Toronto, Aug.4 : Sikhs based in the British Columbian town of Surrey have rejected Canadian Prime Minister Stephen Harper apology Sunday for the 1914 Komagata Maru incident in which hundreds of Indians seeking a better life in Canada were turned away.
Harper's address to a crowd of about 8,000 people, a majority of whom were East Indians, was greeted with anger and jeers. As soon as he left the stage, several Sikhs rushed to the podium to denounce the apology.
According to the Globe and Mail, they demanded that the apology be made on the floor of the House of Commons.
"The apology was unacceptable," said Jaswinder Singh Toor, president of The Descendents of Komagatamaru Society.
"We were expecting the Prime Minister of Canada to do the right thing. The right thing was ... like the Chinese head tax," said Toor, referring to Harper's full apology to the Chinese-Canadian community in 2006 for the head tax imposed on Chinese immigrants who came to Canada between 1885 and 1923.
The Komagata Maru sailed into Vancouver harbour May 23, 1914, with 376 people on board. The dominion government would not allow the passengers to disembark and the vessel sat in the harbour for two months.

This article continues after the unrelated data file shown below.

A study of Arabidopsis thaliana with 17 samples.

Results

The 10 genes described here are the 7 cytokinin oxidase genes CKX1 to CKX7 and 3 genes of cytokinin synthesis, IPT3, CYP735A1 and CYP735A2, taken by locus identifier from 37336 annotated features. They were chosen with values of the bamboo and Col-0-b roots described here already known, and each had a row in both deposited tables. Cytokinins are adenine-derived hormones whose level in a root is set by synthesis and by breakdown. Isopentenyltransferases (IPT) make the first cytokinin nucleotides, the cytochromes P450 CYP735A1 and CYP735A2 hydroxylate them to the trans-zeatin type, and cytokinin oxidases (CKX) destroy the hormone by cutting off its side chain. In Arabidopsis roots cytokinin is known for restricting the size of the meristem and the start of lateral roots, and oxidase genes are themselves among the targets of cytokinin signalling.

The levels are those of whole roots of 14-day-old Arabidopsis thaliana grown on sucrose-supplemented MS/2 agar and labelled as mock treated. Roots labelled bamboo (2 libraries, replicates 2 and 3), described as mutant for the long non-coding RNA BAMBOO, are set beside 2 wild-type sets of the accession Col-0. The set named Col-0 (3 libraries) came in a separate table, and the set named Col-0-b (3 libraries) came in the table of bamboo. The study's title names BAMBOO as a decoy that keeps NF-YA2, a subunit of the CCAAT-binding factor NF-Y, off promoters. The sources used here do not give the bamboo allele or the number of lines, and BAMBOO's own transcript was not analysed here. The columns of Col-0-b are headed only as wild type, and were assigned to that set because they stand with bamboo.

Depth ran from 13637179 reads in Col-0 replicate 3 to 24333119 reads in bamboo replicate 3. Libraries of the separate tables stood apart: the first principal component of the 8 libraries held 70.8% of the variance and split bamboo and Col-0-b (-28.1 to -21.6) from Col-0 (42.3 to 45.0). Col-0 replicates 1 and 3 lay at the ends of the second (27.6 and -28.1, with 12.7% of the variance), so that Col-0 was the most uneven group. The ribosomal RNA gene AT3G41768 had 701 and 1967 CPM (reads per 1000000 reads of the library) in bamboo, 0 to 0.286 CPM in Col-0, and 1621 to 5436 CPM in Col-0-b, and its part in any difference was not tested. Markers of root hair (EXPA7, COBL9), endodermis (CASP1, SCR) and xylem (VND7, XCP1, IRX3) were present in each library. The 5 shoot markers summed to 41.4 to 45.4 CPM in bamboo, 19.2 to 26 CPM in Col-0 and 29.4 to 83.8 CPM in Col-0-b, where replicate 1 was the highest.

Eventually, the boat steamed back to Calcutta where it was met by police, and 20 people were killed as they disembarked while others were jailed.
Many of those aboard the Komagata Maru were Sikhs.
"The apology has been given and it won't be repeated," said Secretary of State Jason Keney, who was accompanying Harper during the visit.
The apology marks the third such reconciliation Harper has made with embarrassing parts of Canada's past.
On June 11, Mr. Harper apologized to aboriginals who suffered abuse decades ago at Canadian residential schools, calling it "an important evolution in Canada's relationship with our first peoples."
And, in 2006, Mr. Harper issued a full apology to the Chinese-Canadian community for the head tax imposed on Chinese immigrants who came to Canada between 1885 and 1923.